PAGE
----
Disney, Ofcom and the streaming war to come
As Ofcom dubs the UK a "nation of streamers", Raymond Snoddy wonders who will win and who will lose in the upcoming battle against Netflix
The latest Disney results disappointed Wall Street because the figures were lower than expected.
The cost of integrating Rupert Murdoch's Fox empire and preparing for a three-pronged attack on the streaming market was higher than expected and visitor numbers at its new Star Wars theme park attraction lower than hoped.
The Disney share price fell by nearly 6 per cent, although it is still 28 per cent up this year.
Apart from a skirmish in the markets none of this matters in the big battle to come against Netflix, which will start to play out in the US from November and later around the world - including the UK, which has just been dubbed "A Nation of Streamers" by communications regulator Ofcom.
Now 47 per cent of UK homes subscribe to a streaming service - some to two or more.
In the big international battle it is Disney which has the brands and the big rights and a tradition of investing for the longer term.
Despite current pain, the $71 billion acquisition of Fox will do exactly what was promised, adding to Disney's volume and scale, and the "disappointing" revenues for the third quarter still totalled more than $20 billion.
Avengers: Endgame has just become the largest grossing film of all time and Captain Marvel and The Lion King also broke the $1 billion box office mark. With Frozen 2 and Star Wars: The Rise of Skywalker to come, Disney may disappoint less next time.
The aggressive Disney streaming prices suggest that it has Netflix in its sights following price rises and the first fall in US subscriber numbers in eight years. The fall knocked $18 billion off the Netflix capital value as its share price continues to be volatile.
Disney is charging just $6.99 a month for Disney+, but throwing in ESPN+ and the ad-supported Hulu streaming service for a bundle price of $12.99 a month.
For the US at least there is going to be an already seven-way fight for eyeballs and dollars between multi-billionaire corporations - Netflix, Disney, Google's YouTube, NBC Universal, Amazon, Apple and AT&T's HBO service.
As it loses rights it once was granted by the major players Netflix is rapidly ramping up its original production, but over the medium term may start to struggle in the face of the historic rights producers such as Disney, NBC Universal and Warner Media's HBO, as well as the self-generated material on YouTube.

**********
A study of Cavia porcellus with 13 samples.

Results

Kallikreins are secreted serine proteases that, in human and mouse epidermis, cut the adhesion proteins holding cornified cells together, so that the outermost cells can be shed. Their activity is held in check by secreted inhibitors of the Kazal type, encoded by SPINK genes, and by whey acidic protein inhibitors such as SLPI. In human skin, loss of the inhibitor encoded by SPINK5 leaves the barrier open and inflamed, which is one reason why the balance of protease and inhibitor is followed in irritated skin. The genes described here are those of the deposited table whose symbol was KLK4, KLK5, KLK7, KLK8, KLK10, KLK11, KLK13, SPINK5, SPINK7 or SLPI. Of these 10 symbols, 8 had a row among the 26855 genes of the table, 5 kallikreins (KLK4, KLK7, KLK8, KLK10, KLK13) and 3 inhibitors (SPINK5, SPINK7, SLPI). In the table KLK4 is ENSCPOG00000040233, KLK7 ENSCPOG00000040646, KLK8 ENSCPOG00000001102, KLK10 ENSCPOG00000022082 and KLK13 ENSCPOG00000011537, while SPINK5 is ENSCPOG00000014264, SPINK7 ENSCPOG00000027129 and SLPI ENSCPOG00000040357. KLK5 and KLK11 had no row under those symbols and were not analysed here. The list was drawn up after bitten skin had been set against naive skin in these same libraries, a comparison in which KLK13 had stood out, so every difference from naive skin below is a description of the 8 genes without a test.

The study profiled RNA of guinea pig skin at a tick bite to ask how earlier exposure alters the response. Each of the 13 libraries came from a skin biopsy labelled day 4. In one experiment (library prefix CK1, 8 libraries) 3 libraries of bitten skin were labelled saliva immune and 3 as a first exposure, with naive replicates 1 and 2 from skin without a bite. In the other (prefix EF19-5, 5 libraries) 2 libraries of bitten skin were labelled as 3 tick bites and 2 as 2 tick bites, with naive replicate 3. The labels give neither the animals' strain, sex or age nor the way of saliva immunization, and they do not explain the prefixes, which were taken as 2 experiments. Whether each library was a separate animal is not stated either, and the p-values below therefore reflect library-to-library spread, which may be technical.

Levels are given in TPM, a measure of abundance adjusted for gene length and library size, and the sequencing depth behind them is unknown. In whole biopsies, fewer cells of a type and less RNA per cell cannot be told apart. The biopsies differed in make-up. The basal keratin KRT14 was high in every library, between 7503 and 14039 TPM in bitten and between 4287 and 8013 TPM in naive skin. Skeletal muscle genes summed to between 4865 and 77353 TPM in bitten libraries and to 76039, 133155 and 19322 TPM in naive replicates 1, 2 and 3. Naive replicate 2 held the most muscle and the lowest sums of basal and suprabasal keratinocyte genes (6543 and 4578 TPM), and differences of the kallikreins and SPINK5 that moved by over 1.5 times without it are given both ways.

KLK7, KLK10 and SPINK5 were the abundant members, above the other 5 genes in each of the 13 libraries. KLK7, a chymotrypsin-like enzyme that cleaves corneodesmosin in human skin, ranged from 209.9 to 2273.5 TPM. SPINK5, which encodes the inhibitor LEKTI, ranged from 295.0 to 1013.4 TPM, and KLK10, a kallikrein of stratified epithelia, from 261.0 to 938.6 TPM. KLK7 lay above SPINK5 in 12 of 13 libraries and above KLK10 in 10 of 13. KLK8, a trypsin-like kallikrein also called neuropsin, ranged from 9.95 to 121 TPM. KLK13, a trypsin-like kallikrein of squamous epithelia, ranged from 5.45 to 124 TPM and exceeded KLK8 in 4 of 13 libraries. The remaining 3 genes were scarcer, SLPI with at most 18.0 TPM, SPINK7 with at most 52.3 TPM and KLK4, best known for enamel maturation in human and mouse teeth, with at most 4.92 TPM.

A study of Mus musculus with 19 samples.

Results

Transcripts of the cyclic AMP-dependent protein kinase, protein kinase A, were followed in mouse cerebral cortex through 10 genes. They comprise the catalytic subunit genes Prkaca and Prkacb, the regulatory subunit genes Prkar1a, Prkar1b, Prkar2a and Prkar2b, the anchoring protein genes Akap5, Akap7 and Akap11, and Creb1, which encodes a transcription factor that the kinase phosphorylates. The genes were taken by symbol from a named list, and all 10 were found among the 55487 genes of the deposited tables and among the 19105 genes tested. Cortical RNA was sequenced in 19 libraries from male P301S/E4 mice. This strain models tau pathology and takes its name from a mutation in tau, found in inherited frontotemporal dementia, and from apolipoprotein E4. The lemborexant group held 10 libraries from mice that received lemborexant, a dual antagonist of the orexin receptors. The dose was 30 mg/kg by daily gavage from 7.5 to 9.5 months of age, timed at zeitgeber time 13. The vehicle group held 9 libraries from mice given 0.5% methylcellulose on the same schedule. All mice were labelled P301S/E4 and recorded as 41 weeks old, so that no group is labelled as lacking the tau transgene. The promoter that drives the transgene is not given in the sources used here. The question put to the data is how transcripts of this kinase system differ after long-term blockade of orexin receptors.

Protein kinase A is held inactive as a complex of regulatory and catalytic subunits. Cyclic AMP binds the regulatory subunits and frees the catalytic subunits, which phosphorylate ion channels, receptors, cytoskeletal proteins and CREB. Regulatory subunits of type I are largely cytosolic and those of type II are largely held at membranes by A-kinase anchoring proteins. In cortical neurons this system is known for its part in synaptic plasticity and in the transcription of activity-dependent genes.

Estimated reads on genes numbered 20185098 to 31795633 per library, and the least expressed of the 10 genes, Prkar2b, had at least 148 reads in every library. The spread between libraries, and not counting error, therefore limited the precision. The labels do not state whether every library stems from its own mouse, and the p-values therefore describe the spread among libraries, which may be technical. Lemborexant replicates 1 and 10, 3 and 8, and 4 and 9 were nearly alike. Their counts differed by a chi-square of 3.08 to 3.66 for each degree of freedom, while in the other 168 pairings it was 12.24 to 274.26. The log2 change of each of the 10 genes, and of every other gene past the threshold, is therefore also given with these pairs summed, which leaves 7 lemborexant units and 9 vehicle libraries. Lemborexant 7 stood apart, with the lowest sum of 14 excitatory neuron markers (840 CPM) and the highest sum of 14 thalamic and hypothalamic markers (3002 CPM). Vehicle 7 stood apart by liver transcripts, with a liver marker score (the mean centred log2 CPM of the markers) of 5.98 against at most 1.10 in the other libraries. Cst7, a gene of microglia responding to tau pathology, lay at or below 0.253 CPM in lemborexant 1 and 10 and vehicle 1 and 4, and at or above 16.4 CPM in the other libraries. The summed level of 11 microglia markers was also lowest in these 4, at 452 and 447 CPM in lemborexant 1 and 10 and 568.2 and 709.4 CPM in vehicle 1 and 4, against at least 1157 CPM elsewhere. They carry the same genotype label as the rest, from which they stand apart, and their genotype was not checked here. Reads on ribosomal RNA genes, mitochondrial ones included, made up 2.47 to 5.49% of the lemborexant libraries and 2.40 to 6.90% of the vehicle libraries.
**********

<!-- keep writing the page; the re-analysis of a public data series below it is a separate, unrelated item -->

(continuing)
The major broadcasters almost certainly made a huge short-term mistake in taking Netflix money for library rights in the past. It is not a mistake they are likely to make again.
How such a battle is going to play out in Europe and the UK in particular is impossible to predict, except that not all can be winners - although they will collectively continue to eat into the audience share of public service broadcasters, a process that is already well underway as the Ofcom report UK Becomes A Nation of Streamers highlights.
The pace of change is scary. The number of UK homes taking at least one subscription streaming service has risen by a quarter in a year to 47 per cent and who knows where it might end up if all or most of the US players offer their services in the UK - and why would they not.
The average British viewer now watches three hours and 12 minutes of broadcast television a day, but that is down 20 minutes in two years.
It is among the young that the fall is steepest, as last year 16 to 24-year-olds watched one hour and 25 minutes compared to two hours and 45 minutes in 2010.
Among 18-34-year-olds YouTube tops their viewing, followed by Netflix, before ITV and the BBC kick in.
Those who have criticised ITV for launching a second series of Love Island a year are wide of the mark. It is a programme that attracts the increasingly hard to reach young and ITV has to protect its reach and advertising revenue by any means possible within broadcasting regulations.
Of course the big broadcasting moments - quite apart from news, current affairs and documentaries - come from the main public service broadcasters.
The final episode of Line of Duty pulled in 12 million viewers, Bodyguard 14 million.
But even if you had the money and human resources, neither the BBC nor ITV could cram their schedules with drama. They are required to offer a mixed schedule and anyway, there are only so many stories and they could quickly enter the territory of diminishing returns.
As Ofcom makes clear, however, it is difficult to overestimate the scale of the challenge.
The UK's public service broadcasters spent £2.6 billion last year, making more than 32,000 hours of original UK programming compared with 221 hours of original programmes by the on-demand streaming services. The combined Netflix and Amazon programme budgets are estimated to top $20 billion a year.
Despite tailoring some programmes for individual markets, the major US players essentially make Americam-themed entertainment for international consumption.
Where amid the fierce coming ferocious competition does this leave Britbox, the BBC-ITV streaming service due to launch in the autumn?
It had better have low expectations and an equally low break-even threshold.
The Ofcom decision to allow the BBC to run programmes on its iPlayer for up to 12 months is the right decision for licence payers, but will inevitably detract from the attractiveness of Britbox. The UK service may be a necessary thing to do but it is difficult to see it being transformative for its shareholders in any way.
Yet, given the scale of the increasing competition likely to hit the UK next year, if there were ever a time for the UK's public service broadcasters to trumpet their achievements and merits, it is surely now.